The Frisco RoughRiders, Double-A affiliate of the Texas Rangers, have a new arm in the bullpen. It didn’t come from promotion, acquisition, or trade. It came from their starting rotation. Connor Sadzeck has been transitioned from starter to reliever. Some people may see this as a “demotion.” I assure you this isn’t. It’s utilizing his best qualities to better serve him, the Frisco RoughRiders, and ultimately, the Texas Rangers. This change could very well be his ticket to The Show.
Connor Sadzeck was originally drafted by the Pittsburgh Pirates in the 45th round of the 2010 draft, right out of Crystal Lake Central High School in Illinois. He opted to go to college instead and spent one year at Howard College in Texas. As a freshman at Howard, Sadzeck was 7-3 with a 3.56 ERA over 15 appearances. He had committed to continuing his college career at the University of Texas until he was drafted in the 11th round of the 2011 First-Year Player Draft. He ended up signing with the Texas Rangers.
In 2012, Sadzeck held batters to a .200 average, third-lowest among Northwest League starters. In 2013, he led the South Atlantic League in ERA, at 2.25. He ranked ninth among all full-season pitchers in Minor League Baseball. Sadzeck went at least five innings in each of his 24 starts, eight of which were quality. Batters hit just .216 off him that year, which was second-lowest among South Atlantic League starters. Sadzeck missed the entire 2014 season, after undergoing Tommy John surgery.
Continuing his Tommy John recovery into 2015, Sadzeck didn’t make an appearance until May 19. He started the season with Advanced-A High Desert and moved up to Double-A Frisco on August 1. He recorded his only win of the season with the RoughRiders, after tossing six no-hit innings. Sadzeck made seven relief appearances in the Arizona Fall League. He was added to the Texas Rangers 40-man roster on November 20.
Last season, Sadzeck spent the entire year with the Frisco RoughRiders. He was named a Texas League Mid-Season All-Star, and led the RoughRiders in innings (140 2/3), wins (10), and strikeouts (133). Those 133 strikeouts were most among all Texas Rangers pitchers and second-highest in the entire Texas League. Sadzeck recorded a team-high 11 quality starts over his 23 games, even pitching two seven-inning complete games.
Entering this season, Sadzeck was ranked as the Rangers No. 11 prospect by MiLB.com, No. 15 by Baseball America. He attended Major League camp during Spring Training for the second-straight season and appeared in two games for the Rangers.
Something happened between the end of 2016 and the beginning of 2017. Connor Sadzeck just didn’t look like the pitcher he had been. He got off to a rough start and seemed to never bounce back.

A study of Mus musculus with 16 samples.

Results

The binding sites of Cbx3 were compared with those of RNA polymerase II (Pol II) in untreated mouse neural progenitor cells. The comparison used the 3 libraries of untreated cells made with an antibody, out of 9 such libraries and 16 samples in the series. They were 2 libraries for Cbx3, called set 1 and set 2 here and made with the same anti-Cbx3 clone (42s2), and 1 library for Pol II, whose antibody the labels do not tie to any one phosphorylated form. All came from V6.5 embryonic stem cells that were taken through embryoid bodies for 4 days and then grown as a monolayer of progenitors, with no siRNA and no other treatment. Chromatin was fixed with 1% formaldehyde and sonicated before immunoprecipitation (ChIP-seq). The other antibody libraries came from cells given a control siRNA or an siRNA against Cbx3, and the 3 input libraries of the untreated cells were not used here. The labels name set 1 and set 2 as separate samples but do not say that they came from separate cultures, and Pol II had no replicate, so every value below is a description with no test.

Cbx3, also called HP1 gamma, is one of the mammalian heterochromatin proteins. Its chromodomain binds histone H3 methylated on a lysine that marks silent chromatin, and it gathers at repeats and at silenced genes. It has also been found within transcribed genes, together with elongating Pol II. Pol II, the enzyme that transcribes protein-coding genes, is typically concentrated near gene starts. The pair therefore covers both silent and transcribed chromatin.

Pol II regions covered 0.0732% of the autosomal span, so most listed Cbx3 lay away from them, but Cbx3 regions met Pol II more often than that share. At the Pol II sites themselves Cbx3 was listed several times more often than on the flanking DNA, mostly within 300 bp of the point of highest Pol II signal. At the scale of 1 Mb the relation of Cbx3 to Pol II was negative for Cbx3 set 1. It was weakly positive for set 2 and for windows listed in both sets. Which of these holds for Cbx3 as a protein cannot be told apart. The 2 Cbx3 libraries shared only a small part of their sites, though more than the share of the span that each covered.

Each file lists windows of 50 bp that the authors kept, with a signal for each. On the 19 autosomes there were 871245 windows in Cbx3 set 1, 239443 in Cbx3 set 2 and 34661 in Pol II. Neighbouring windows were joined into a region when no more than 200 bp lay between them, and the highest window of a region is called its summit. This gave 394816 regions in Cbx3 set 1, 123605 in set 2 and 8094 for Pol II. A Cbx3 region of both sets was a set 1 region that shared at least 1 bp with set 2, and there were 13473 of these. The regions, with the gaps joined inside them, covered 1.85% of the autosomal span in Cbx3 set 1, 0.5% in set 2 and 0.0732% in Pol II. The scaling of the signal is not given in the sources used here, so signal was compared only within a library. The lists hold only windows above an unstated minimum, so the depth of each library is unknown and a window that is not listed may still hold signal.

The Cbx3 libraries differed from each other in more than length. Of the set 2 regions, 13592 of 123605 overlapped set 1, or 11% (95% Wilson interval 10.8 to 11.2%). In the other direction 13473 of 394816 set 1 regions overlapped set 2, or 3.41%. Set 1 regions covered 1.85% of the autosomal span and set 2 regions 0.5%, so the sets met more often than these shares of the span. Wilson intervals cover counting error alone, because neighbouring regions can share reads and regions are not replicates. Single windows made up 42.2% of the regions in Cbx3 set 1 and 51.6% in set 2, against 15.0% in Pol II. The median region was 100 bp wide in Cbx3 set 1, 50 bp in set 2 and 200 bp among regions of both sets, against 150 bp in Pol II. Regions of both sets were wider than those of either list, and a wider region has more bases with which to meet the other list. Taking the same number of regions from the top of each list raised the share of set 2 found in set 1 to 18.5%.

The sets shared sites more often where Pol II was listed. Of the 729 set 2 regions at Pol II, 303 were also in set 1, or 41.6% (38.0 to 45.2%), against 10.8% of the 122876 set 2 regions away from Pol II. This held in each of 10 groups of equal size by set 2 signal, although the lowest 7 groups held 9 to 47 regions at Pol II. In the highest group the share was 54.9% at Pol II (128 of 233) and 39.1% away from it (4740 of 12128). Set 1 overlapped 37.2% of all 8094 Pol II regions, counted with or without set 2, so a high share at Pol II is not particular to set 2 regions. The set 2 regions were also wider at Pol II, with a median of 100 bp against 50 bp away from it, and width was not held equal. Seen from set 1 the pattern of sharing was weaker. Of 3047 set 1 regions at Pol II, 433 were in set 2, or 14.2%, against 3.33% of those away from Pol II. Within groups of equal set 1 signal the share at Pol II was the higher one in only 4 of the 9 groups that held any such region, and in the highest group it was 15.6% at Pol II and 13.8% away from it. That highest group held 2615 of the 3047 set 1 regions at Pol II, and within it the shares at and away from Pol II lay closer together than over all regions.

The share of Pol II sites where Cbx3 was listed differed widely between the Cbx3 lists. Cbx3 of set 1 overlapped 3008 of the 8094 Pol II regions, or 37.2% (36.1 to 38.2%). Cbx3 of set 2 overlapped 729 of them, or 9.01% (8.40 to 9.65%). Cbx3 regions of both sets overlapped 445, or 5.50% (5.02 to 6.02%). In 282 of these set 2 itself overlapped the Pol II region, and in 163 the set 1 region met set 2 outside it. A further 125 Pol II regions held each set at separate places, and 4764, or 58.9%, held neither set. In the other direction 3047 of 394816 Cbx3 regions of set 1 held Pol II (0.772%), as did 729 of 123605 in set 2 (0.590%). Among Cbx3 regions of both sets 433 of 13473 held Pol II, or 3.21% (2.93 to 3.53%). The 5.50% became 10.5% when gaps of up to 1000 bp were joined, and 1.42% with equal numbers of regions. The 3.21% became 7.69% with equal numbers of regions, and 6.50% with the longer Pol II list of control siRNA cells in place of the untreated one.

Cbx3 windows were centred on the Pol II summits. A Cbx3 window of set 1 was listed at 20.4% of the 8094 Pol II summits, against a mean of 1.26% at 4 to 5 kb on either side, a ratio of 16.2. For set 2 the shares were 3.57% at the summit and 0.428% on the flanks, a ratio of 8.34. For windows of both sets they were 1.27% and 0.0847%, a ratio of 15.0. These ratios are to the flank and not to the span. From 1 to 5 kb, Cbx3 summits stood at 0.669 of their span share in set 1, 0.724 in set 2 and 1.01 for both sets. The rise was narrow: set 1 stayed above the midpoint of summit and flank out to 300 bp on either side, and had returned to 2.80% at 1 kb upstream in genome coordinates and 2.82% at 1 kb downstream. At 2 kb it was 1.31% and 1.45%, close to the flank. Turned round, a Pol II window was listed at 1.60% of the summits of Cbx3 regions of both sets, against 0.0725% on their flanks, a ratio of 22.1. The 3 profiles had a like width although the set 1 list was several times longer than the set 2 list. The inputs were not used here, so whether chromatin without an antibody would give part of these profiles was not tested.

Through the first half of this season, Sadzeck went 4-5 with a 5.05 ERA. He logged 67.2 innings over 14 starts and 15 total appearances. Sadzeck walked 24 batters and struck out 82. He finished the first half with a 1.37 WHIP, allowing hitters to average .267 against him.
In his first start of the season, on April 6, Sadzeck didn’t make it out of the first inning. He allowed one hit and four runs, all earned. Four batters drew walks against him, and he had 0 punchouts.
To say that Sadzeck has disappointed may be accurate. Especially with the expectations he carried coming into the 2017 season. However, if you watch him pitch, you don’t see a disappointment. You see a better opportunity for his skill. Transitioning to the bullpen utilizes the best of Sadzeck, and fills a need for the Texas Rangers. There is no doubt that the Rangers relievers have had their downfalls. It’s an area of the organization that is suffering. They need solid, reliable help. Sadzeck could very well be that type of reliever.
Transitioning from the starting rotation to the bullpen has its challenges.
“My training is a lot more condensed. I don’t have five days to get my work in anymore. I’m learning the ropes on how to go about my days. But, we’ve got plenty of guys on this team that have been doing it a while and have been really good. So I can learn from them, which is good,” Sadzeck told me about his change in position.
I asked him how it impacted him personally. “I’ve always had the dream of being a starter. I think they (Frisco RoughRiders and Texas Rangers) still know that. I told them at the end of the day if that’s what they need at the big league level, and that’s what helps get me there faster, I’m all for it,” Sadzeck said.
Since transitioning to a reliever, Sadzeck has looked far better. On June 24, he pitched one inning and allowed two hits and one run (earned). He walked one and struck out one. On June 29, he pitched one inning of perfect baseball. He allowed no hits, no runs, no walks, and even got one punch out.
I’m curious to see how Connor Sadzeck does in his new role with the Frisco RoughRiders. The transition is tough, but he seems to have the right attitude about it. One thing is for sure. At this point, being a reliever in the Texas Rangers farm system will get you closer to The Show than being a starter.